The Game DVD-A
NOTES BY JUSTIN SHIRLEY-SMITH
17 March 2003
Brian asked me to write about The Game DVD-A, from a technical perspective. Some of this also applies to Greatest Video Hits 1. Still awake?
Transfers and Duplicates
Since Queen own nearly all their own recordings, and have a comprehensive database of them, it was not difficult to locate the required master tapes. We treat these original tapes extremely carefully and try to minimise playing them due to their obvious value and relative vulnerability. Therefore, we never mix directly from the original tapes – we always work from copies.
The multi-track masters for The Game are analogue 2 inch, 24 track tapes. Many of these tapes suffer from ‘sticky tape syndrome’, which means that they gradually absorb moisture, even in a dry storeroom. If a tape is played in this condition it will disintegrate on the machine. It is therefore common practice now to bake tapes, and this is what we did. Baking tapes entails a accurately controlled heat treatment which effectively dries them out, allowing approximately 30 days to play them before they start to absorb moisture again.
The last time these tapes were played was in preparation for the Japanese Queen Karaoke CD in 1996. At that time, we copied the tapes onto 48kHz, 16bit digital multi-track tape (DASH format), which was the format Queen had been using since The Miracle recordings. Incidentally, the Karaoke CD was mixed by Neil Amor and myself (a fact which escaped the credits!), at a budget induced rate of about one mix per hour!! I think they sound pretty good all the same.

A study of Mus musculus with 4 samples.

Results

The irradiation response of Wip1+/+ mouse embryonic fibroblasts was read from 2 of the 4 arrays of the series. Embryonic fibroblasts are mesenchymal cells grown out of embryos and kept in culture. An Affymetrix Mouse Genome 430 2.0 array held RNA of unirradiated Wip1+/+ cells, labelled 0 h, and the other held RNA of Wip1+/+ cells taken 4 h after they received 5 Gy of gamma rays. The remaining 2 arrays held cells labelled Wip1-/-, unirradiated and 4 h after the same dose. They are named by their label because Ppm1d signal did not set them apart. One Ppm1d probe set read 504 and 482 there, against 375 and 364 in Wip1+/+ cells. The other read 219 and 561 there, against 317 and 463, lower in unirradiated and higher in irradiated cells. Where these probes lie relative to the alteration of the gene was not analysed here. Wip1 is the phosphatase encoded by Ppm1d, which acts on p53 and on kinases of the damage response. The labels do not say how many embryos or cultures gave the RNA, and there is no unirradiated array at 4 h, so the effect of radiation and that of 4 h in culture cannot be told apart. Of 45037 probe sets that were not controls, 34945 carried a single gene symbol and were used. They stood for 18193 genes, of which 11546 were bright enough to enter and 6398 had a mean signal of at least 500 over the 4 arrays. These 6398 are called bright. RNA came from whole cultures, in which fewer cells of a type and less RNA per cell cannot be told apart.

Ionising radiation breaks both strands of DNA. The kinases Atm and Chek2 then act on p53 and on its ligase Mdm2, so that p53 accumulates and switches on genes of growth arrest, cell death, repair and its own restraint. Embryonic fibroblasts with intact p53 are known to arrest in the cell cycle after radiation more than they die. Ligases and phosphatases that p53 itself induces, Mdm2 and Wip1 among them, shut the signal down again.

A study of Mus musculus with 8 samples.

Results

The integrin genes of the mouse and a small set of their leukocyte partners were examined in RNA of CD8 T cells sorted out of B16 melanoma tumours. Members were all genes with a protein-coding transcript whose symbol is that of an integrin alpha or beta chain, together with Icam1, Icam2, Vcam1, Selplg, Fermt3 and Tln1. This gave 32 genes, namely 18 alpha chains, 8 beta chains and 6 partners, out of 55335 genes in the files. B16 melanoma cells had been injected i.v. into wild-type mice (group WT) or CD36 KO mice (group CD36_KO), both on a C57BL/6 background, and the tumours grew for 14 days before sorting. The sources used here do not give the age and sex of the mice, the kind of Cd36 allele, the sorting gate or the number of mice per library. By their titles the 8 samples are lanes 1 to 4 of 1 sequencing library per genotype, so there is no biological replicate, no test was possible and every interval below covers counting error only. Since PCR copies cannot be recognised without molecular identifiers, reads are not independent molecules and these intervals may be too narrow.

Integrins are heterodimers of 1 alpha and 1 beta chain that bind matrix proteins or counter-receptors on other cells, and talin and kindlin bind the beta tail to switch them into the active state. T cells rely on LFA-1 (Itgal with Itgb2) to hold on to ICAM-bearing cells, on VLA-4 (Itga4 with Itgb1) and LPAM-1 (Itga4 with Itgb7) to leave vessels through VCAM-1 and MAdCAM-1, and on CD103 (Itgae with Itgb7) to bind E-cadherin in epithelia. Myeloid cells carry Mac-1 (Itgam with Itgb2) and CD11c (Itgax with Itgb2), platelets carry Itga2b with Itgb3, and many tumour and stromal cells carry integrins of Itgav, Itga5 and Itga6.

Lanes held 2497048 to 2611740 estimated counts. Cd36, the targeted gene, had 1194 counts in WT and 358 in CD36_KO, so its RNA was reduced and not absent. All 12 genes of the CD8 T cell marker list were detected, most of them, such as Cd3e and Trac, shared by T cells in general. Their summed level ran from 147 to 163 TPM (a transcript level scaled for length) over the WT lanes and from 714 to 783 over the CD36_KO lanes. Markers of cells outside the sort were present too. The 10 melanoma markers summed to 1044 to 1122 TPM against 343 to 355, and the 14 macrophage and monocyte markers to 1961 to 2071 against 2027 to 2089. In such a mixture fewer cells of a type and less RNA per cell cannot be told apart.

This time we had a good budget, enough time and much improved digital recording technology. Soon after they were baked we transferred the original masters onto 192kHz 24bit Pro-Tools HD – the highest resolution available for digital multi-track to date. On many earlier Queen recordings, Dolby noise reduction was deliberately switched off on some tracks, and although these Game track-sheets were not marked as such, we suspected that some individual tracks were not Dolby encoded. For this reason we transferred the tapes twice; once through a Dolby rack, and a second time bypassing it. This meant that, if later I felt an instrument or vocal had been Dolby decoded when it shouldn’t have been, Kris could retrieve and re-sync the un-decoded version; something we did do a few of times for these mixes. We call these digital copies Working Duplicates.
Another copy of each tape was made on the same format as the original; in this case analogue 2 inch, 24 track. We call these copies Preservation Duplicates because, unlike the digital copies, we will not play these again unless the originals become unplayable for any reason.